Don’t Pick the First one Who Comes Along
If you were in desperate need of brain surgery, would you pick the first brain surgeon you could find, simply because his name makes him the first one on the list alphabetically? What if this brain surgeon just graduated last week at the bottom of his class from a medical school no one had ever heard of located in a country that may or may not exist? Wouldn’t you prefer to do a little research to make sure he or she had some reliable credentials and enough experience to be considered an expert in the field?
What to Ask Before You Ever Step Foot in an Attorney’s Office
So what are the right questions to ask an attorney to determine how much experience he or she has? This is something you can determine by making a simple phone call to an attorney’s office. You should have a good idea within 30 seconds of how much experience he or she has.
- Let’s start with the wrong question to ask. “How much do you charge?” This question is essentially meaningless.
- Due to the recent increase in the amount of bankruptcies, a vast number of new and veteran attorneys from other areas of practice have now decided to practice bankruptcy. I know many of them who are cheap, and many of them who are very expensive. I wouldn’t recommend any of them for your case. You need an attorney with experience who knows the nuances of the law and the nuances of the actual practice of bankruptcy.
- On the flip side, you might assume that the bankruptcy attorneys with the greatest amount of legitimate experience would be the most expensive. However, the attorneys I know with decades of experience aren’t necessarily the most expensive or even close to it. Their vast experience has allowed them to determine a fair rate for their services, and they charge accordingly.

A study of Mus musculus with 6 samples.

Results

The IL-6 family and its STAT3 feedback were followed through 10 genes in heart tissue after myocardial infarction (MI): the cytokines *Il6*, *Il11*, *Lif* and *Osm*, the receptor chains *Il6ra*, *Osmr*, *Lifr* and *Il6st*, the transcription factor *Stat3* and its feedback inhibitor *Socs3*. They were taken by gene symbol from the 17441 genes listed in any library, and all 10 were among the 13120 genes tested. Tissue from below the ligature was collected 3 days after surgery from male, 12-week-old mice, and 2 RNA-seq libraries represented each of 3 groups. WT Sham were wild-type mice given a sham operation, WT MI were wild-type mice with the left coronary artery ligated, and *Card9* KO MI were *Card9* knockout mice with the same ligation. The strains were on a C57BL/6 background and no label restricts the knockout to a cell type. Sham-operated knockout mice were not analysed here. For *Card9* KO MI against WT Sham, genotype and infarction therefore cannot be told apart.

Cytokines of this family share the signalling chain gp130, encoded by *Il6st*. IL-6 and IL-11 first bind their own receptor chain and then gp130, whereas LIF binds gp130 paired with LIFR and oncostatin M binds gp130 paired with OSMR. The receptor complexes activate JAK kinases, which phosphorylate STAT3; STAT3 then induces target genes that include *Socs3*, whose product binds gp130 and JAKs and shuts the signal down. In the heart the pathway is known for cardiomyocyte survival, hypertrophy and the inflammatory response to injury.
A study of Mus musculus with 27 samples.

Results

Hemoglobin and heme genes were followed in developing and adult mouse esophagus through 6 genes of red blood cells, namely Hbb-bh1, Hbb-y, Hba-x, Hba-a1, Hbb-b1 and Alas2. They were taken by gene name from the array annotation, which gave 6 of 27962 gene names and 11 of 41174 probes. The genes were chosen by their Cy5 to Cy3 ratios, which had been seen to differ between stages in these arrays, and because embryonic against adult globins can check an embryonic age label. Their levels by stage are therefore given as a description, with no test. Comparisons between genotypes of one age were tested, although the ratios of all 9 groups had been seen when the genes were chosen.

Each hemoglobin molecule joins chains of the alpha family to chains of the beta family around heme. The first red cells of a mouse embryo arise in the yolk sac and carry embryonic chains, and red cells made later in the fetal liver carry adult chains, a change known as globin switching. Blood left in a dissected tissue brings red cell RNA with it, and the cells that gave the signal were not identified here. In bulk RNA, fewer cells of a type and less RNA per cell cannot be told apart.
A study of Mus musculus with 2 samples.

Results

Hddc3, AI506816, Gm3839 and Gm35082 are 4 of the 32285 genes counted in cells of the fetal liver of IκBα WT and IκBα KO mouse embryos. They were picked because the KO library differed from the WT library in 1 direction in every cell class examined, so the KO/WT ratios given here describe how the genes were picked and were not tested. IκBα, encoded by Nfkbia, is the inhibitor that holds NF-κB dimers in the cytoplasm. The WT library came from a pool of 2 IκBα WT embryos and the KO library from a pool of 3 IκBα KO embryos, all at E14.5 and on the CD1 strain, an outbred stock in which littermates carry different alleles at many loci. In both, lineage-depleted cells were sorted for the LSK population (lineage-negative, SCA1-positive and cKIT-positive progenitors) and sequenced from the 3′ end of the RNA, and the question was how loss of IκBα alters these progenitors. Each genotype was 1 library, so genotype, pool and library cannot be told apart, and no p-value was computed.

- A fair question to ask an attorney is “approximately how many bankruptcy cases have you filed?” You should ask about both in the last year and through the duration of his or her practice. If the attorney has filed hundreds of cases a year for many years, it’s a good sign that he or she has enough experience.
- But experience filing cases is not enough. Ask “how much work will an actual attorney be doing in my case?” You need an attorney who is involved in every aspect of the case, from the initial meeting with his or her clients, all the way to the conclusion of the case.
- Many bankruptcy attorneys use a paralegal to do most of the actual work on a case, including meetings with clients and filing it with the court. The attorney only performs a quick review of the case and signs off on it.
- You want an attorney with years of experience not just filing cases, but with conducting every facet of the case from beginning to end. If you are paying your hard-earned money for bankruptcy services, the least you can ask is that an actual attorney does most of the work on your case.